The Developments of the Roman road system Essay

Everybody knows the phrase – “all roads lead to Rome», we could find probably both figurative and literal meaning of the expression. Figurative meaning concerns the general place of the Roman Empire among other countries and talking about literal meaning we could refer to the development of the Roman roads and their role for the whole Western Civilization. The roads built by Romans were the best for hundreds of years. Due to their quality and reliability some of the roads and bridges built at those times are still used nowadays.

One of the most famous roads was the so-called “silk road” connecting the Roman Empire with trade countries. Roads were very important for military forces of the Empire and usually Roman legions took part in building the roads as well. Along with the expansion of the Empire roads were transformed from military routes to trade directions. Total there were 53 000 miles of roads built by Romans. All the mail exchange was done also with the help of the roads.

“In Latin road is via, and roads is viae. There were viae publicae (public roads), via militares (military roads), and actus (local roads). (Ashby,30).

Romans built various types of roads, including corduroy and paved roads; rubble was used in order for the roads to remain dry as water could go away between the stones. There were special rules worked out – the Twelve Tables – telling about the necessary width and curves of the roads. Mostly Romans concentrated upon straight roads, but due to deep grades these roads were not so convenient and later on Romans switched to building longer roads. The researchers stated that Romans had learned to build roads from Etruscans, although there were contributions from other cultures as well. Von Hagen, 112).

Work on the new road had a certain sequence, first of all the architect had to come out with the place for the future road, then agrimensores studied the bed of the road with the help of the rod and the groma, as the Romans had neither compass nor map. The route was worked out by a group of surveyors, they marked hills and plains. The next step was to unite hundreds of markers in the way that there was the straightest possible line between two points. Groma consisted of two parts connected together so that all the angles were right.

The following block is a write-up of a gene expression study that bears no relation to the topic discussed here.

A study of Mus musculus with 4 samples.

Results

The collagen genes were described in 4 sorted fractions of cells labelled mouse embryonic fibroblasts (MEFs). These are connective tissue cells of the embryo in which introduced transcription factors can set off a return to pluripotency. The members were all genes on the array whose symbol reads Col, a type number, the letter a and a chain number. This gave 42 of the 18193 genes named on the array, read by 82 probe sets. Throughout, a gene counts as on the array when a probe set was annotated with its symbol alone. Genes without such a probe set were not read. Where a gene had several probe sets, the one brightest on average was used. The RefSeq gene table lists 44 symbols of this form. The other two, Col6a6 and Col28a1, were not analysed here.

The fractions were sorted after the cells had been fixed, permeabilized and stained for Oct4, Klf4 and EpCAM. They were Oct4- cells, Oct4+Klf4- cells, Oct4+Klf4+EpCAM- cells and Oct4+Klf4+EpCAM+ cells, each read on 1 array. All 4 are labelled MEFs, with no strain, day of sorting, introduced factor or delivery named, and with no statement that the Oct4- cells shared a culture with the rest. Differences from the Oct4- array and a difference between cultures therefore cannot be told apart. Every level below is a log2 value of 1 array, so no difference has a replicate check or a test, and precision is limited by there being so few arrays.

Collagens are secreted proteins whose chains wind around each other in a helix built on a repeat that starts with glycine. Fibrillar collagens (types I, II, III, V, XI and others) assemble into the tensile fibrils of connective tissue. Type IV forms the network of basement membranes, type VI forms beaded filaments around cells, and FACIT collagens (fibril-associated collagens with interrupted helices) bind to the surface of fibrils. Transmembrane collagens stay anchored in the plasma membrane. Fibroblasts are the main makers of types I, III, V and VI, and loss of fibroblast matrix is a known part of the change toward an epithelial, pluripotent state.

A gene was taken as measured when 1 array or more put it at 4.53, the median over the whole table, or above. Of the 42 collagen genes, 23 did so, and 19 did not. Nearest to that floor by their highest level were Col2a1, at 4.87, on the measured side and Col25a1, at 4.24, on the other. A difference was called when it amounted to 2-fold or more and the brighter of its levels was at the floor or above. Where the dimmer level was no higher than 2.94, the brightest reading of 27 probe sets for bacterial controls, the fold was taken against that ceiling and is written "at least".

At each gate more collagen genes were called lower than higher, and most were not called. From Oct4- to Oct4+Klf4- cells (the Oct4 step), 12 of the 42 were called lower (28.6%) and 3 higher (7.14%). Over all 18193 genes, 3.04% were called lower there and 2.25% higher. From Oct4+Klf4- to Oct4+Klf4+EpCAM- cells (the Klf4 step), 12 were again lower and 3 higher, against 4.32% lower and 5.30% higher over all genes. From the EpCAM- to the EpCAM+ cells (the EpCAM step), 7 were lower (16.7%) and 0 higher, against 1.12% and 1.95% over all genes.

In order to form a straight line it was necessary for the two lead weights on the ends of the device to line up. They didn’t have the transit and in order to control the straightness of the road it was necessary to look along the rods. (Ashby, 13) After measuring, the points were drawn on a long piece of paper and then joined, thus the general picture of the road was visible. Then they reconsidered the markers once again in order to move those, which made the road not straight. Another step of changes was made due to slight deviations of the route, for example when it was necessary to build a bridge over a river at its narrowest place.

When the plan of the road was ready, ploughs and military people were set at work. (Margary, 268). Legionnaires were said to be a perfect road builders. The methods and techniques used by the Romans guaranteed excellent results and strong roads. Usually a road was a straight line connecting two places, going around the natural obstacles in order to avoid abrupt rising and so on. For crossing the rivers the Romans built wooden or stone bridges, some of them even had arches. On the swamps they built causeways also using special methods like sinking a lot of stones to raise the road (Ashby, 45).

Usually the road was dug to the most stable layer of the ground. The fosse then had to be filled in, this was done according to location and available materials, like stones, gravel or even sand, the bed of the road always consisted of several layers. As a rule the first layer was made of big stones and he last layer – of small stones with cement. The very last layer was made of small flint pieces and then pressed very tightly. The process of pressing of all the layers was called pavimentare or pavire.

Pavimentum was the notion for the flat result of the process, it could be already used as a road, and sometimes some additional layers were put. When the road was ready the Romans set milestones for defining the directions and distances for travelers. The miles were counted with the help of odometer, a device made by the Greek inventor Archimedes. The wheel of it was to rotate 400 times thus marking a distance of one mile. They were put on the sides of the roads informing about names and distances to towns from both left and right sides.

Nowadays the scientists are able to estimate the period of building the road with the help of information on these stones left by builders of the road. (Jean-Pierre, 71). Thus strong and well-constructed roads built by the Romans occupied an important place in the history of transportation and they played a remarkable role in the development of the Roman Empire and Western Europe. The roads were vitally important for establishing political and commercial relations between countries, for expanding the territories and military issues.